Yes, certain family members may qualify for receiving Social Security Disability Insurance (SSDI) benefits after having provided proof of their relationship to you. The amount of SSDI benefits your family members are entitled to receive depends on how much your SSDI benefits are and how many members there are in your family who would like to receive benefits. The maximum each family member is entitled to receive is up to 50 percent of your disability rate. It’s good to note here that your benefits will NOT be affected by this.
Here’s a list of family members who qualify to receive benefits if you are receiving SSD benefits:
- A spouse who is 62 or older or caring for your child who is under 16 or is disabled and receiving Social Security benefits for his/her disability.
- Your ex-spouse can qualify for benefits if you have been married for at least 10 years and he/she is still unmarried (even though you may be re-married), is 62 or more, and if the Social Security benefits he/she is entitled to on his/her own record is not equal or higher.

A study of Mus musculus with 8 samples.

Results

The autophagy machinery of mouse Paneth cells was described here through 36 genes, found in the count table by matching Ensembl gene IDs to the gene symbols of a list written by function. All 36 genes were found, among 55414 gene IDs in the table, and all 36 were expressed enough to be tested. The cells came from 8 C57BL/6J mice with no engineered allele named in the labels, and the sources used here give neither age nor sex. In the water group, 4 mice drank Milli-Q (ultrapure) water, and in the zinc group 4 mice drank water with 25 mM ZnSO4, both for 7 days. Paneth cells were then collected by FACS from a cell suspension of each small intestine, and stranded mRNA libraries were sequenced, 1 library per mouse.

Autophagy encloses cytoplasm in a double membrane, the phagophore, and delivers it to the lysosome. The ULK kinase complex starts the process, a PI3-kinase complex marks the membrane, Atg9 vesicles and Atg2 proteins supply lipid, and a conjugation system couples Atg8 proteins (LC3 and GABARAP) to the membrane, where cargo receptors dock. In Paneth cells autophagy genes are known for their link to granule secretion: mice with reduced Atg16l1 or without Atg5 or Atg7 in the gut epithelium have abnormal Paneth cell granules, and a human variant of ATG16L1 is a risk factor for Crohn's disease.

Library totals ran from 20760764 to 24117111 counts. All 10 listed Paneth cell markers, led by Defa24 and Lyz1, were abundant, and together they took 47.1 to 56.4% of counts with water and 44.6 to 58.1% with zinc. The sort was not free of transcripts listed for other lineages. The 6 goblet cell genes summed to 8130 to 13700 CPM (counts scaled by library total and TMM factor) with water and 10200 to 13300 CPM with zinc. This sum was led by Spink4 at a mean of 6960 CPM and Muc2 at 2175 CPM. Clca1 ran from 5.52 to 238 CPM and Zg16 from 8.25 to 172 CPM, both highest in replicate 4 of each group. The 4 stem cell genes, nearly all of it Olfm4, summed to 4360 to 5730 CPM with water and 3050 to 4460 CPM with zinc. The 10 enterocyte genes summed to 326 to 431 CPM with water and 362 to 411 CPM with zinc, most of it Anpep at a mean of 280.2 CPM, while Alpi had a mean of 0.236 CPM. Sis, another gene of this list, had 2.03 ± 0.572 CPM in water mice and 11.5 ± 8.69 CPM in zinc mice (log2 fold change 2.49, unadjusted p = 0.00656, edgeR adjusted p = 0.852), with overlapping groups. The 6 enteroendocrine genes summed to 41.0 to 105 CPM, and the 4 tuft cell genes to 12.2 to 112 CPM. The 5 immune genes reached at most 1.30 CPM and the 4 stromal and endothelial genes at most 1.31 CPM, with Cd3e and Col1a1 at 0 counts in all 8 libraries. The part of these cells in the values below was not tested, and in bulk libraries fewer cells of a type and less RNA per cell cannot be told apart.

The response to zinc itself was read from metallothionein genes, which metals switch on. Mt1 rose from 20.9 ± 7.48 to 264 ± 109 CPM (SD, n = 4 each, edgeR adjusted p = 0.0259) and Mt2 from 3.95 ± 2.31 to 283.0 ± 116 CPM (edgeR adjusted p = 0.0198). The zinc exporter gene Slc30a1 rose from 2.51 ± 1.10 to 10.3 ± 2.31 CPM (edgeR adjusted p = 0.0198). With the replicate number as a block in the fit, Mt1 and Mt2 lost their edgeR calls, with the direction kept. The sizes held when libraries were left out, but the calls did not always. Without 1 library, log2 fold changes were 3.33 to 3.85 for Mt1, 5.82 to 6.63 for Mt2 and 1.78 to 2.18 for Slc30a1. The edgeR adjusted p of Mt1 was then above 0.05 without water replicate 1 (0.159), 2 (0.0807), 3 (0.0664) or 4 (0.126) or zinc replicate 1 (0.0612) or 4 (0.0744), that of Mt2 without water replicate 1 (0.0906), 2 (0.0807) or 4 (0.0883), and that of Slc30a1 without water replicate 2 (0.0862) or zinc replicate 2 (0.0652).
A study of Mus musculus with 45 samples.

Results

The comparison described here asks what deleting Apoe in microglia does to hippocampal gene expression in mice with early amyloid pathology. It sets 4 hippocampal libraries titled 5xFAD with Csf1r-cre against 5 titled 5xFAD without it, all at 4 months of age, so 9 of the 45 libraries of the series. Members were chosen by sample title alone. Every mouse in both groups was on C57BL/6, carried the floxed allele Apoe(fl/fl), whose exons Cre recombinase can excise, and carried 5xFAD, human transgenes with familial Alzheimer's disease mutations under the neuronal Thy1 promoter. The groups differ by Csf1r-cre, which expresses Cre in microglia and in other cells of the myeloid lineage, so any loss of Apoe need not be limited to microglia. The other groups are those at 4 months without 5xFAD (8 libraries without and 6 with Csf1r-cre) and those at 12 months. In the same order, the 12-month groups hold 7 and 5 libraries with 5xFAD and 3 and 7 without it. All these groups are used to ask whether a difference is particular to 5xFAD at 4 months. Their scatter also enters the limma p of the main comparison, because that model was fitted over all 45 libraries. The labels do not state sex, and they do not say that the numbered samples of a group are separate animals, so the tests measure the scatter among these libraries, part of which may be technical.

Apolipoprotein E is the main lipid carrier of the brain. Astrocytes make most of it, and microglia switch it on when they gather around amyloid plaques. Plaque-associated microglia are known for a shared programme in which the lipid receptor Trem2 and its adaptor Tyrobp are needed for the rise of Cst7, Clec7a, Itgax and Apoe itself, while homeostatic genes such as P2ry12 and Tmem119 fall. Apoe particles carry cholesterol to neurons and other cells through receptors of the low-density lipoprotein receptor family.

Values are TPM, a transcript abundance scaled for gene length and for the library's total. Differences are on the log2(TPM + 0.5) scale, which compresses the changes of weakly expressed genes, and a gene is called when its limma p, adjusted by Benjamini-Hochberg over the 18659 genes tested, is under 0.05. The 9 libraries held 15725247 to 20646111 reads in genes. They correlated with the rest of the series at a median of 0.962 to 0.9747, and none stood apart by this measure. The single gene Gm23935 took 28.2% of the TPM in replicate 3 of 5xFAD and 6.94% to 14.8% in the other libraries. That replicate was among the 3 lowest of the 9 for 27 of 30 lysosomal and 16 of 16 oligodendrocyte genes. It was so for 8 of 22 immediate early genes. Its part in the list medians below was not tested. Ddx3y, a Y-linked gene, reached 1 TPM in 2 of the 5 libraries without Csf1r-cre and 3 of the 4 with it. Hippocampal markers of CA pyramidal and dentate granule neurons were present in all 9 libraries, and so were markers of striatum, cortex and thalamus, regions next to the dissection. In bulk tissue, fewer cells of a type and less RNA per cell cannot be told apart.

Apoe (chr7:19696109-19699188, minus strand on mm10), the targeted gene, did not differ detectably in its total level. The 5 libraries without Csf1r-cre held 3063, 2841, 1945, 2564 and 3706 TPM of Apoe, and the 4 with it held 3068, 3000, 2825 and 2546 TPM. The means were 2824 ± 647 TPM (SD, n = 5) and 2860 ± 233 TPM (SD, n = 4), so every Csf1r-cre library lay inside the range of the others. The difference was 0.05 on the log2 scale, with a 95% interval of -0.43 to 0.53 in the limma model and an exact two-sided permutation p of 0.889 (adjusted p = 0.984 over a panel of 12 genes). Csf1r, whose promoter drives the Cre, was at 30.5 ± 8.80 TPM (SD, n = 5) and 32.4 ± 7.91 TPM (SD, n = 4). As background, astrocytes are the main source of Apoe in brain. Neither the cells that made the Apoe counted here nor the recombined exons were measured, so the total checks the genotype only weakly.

- Unmarried children also qualify for benefits if they are under 18, or still in high school up to the age of 19, or if the child is 18 or older and suffers from a disability that began before the age of 22. This disability definition must meet the same requirements for disability as defined by the Social Security Administration.
The Social Security benefits for disability that your family members receive will in no way affect your own benefits.
Call us now or request for a FREE evaluation and find out whether you’re eligible for SSD benefits. An advocate who specializes in SSDI benefits will be in touch with you within 24 hours.